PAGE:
The process of metastasis requires that cancer cells traveling from a primary tumor find a hospitable environment in which to implant themselves and grow. A new study from Massachusetts General Hospital (MGH) Cancer Center researchers finds that circulating tumor cells prepare this environment by bringing along from their original site noncancerous cells that support tumor growth.
The report has been published online in Proceedings of the National Academy of Sciences Early Edition.
"It has been known for some time that noncancerous stromal cells -- which provide a support structure for tissues and organs -- contribute to the growth of primary tumors, providing the 'soil' in which tumors can grow," says Dan Duda, PhD, DMD, of the Steele Laboratory for Tumor Biology in the MGH Department of Radiation Oncology, lead author of the report. "Our study shows that this primary soil also helps the initial growth of tumor seeds in a 'foreign' soil. This new role for these noncancerous cells is both a conceptual advance and offers potential new targets for treating or preventing metastatic disease."
Several previous studies by members of the MGH team and others have found clumps containing both tumor cells and stromal cells in blood and lymphatic vessels of cancer patients and have shown that these "passenger" stromal cells will proliferate along with the tumor cells if implanted at a new site. The current investigation was designed to determine whether primary tumors release fragments containing both tumor and stromal cells, whether those stromal cells survive and contribute to the development of metastases, and whether depletion of stromal cells could interfere with metastatic growth.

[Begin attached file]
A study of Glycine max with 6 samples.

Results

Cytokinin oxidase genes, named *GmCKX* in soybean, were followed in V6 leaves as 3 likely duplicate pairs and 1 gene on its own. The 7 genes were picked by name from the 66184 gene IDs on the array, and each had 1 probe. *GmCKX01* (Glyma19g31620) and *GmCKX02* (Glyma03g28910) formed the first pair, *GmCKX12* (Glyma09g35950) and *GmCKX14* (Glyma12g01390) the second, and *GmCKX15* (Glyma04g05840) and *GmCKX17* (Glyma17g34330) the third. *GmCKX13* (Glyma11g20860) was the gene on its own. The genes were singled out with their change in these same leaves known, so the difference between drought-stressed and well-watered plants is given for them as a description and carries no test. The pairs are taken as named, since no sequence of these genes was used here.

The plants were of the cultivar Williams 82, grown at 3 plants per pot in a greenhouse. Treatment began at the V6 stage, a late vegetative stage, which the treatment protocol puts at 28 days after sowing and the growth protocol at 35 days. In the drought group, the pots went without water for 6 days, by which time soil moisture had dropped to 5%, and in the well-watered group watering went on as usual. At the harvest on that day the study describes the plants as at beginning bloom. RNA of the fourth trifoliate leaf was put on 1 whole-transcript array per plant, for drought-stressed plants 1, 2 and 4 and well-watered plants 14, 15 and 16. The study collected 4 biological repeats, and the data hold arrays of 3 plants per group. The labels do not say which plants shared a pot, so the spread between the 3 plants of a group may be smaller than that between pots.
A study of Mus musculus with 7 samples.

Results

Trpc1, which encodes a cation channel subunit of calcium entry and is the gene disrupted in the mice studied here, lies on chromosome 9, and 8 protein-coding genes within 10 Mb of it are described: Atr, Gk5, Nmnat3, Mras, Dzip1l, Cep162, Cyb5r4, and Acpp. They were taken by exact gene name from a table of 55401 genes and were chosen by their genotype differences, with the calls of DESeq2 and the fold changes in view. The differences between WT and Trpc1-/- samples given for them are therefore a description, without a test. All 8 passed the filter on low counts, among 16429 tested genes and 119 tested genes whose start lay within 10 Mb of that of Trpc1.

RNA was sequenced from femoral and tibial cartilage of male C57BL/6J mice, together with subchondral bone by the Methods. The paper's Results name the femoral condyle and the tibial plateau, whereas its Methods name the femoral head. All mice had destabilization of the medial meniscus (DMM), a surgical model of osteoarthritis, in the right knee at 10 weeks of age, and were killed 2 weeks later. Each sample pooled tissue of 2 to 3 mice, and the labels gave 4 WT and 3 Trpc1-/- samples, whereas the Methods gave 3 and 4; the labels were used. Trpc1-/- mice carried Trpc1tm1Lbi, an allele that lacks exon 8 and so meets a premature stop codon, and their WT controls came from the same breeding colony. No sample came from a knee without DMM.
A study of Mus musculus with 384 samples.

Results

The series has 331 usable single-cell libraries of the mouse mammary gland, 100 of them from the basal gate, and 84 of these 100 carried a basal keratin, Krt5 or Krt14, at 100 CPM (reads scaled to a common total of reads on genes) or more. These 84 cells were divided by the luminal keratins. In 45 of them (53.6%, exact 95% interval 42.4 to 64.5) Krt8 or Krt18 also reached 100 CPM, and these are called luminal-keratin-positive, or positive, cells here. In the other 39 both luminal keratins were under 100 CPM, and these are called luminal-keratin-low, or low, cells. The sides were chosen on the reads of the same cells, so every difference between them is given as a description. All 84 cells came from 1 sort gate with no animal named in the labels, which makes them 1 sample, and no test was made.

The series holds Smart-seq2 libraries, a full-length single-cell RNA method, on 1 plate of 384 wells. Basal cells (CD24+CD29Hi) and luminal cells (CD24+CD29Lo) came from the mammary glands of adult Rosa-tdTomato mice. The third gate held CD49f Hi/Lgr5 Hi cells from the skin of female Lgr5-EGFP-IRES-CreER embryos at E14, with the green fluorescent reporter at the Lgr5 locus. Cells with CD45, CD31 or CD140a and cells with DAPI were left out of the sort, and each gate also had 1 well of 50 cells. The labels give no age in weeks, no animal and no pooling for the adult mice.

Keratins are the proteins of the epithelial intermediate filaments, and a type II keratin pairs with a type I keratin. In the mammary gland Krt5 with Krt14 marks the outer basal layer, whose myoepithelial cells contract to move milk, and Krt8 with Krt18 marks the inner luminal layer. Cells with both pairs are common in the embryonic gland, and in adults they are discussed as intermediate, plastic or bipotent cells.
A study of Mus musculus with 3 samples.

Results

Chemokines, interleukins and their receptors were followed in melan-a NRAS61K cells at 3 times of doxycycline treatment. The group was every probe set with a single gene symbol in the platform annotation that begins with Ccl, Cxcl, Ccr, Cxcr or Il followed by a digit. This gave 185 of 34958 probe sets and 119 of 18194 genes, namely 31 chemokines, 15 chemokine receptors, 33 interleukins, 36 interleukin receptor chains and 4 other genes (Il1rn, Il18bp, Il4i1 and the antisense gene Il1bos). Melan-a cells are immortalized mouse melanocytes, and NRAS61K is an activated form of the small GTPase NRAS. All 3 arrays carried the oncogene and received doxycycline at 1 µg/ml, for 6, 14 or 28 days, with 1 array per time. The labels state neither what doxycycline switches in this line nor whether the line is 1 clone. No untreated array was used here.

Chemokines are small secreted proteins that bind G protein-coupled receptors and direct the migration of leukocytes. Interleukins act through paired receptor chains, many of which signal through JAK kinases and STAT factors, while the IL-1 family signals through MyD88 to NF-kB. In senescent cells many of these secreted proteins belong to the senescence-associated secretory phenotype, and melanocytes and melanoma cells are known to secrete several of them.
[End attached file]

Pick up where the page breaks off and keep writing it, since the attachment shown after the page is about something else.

Several experiments in mice confirmed that implanted tumors shed both single tumor cells and clumps containing tumor and stromal cells and that tumor cells accompanied by stromal cells were more likely to survive. Not only did stromal cells from the original tumor proliferate at the site of metastasis, metastatic nodules that contained both tumor and stromal cells were more likely to survive and grow than were those containing tumor cells alone. Experiments using tumor cell lines known to be highly metastatic found that lung metastases that developed after a primary tumor was removed still contained stromal cells from the primary site and that reducing the number of stromal cells in lung metastases slowed tumor growth and increased the animals' survival.
To investigate whether stromal cells play a similar role in human metastatic tumors, the researchers examined brain tumor samples from patients with several different types of cancer for the presence of fibroblasts -- stromal cells not normally present in brain tissue. Fibroblasts were frequently found in brain metastases -- implying that stromal cells had traveled along with cancer cells from the primary tumor -- but not in either primary brain tumors or normal brain tissue.
"We used fibroblasts in our experiments because they are frequently found in metastatic nodules, but we expect that other types of passenger cells -- including immune cells and the endothelial cells that line blood vessels and other body cavities -- also will play an important role in supporting metastasis," says co-corresponding author Dai Fukumura, MD, PhD, of the Steele Lab. "Cancer researchers here at the MGH and at other institutions are focused on detecting and analyzing circulating tumor cells, and our findings demonstrate that characterizing these non-cancerous passenger cells should also be a priority."
Adds Rakesh Jain, PhD, director of the Steele Lab and senior author of the PNAS Early Edition report, "Prevention of metastasis has been clinically difficult because these supportive nontumor cells arrive at the secondary site long before metastatic disease can be detected. Applying treatments that block participation of fibroblasts or other stromal cells in metastatic lesions at the time the primary tumor is removed could help prevent the spread of localized tumors."
Jain is the Cook Professor of Radiation Oncology (Tumor Biology) at Harvard Medical School, where Duda is an assistant professor and Fukumura an associate professor of Radiation Oncology. Additional co-authors are Annique Duyverman, Mitsutomo Kohno and Ernst Steller of the Steele Laboratory, and Matija Snuderl, MD, MGH Pathology. The study was supported by grants from the National Institutes of Health, the Department of Defense and the Japanese Ministry of Health and Welfare.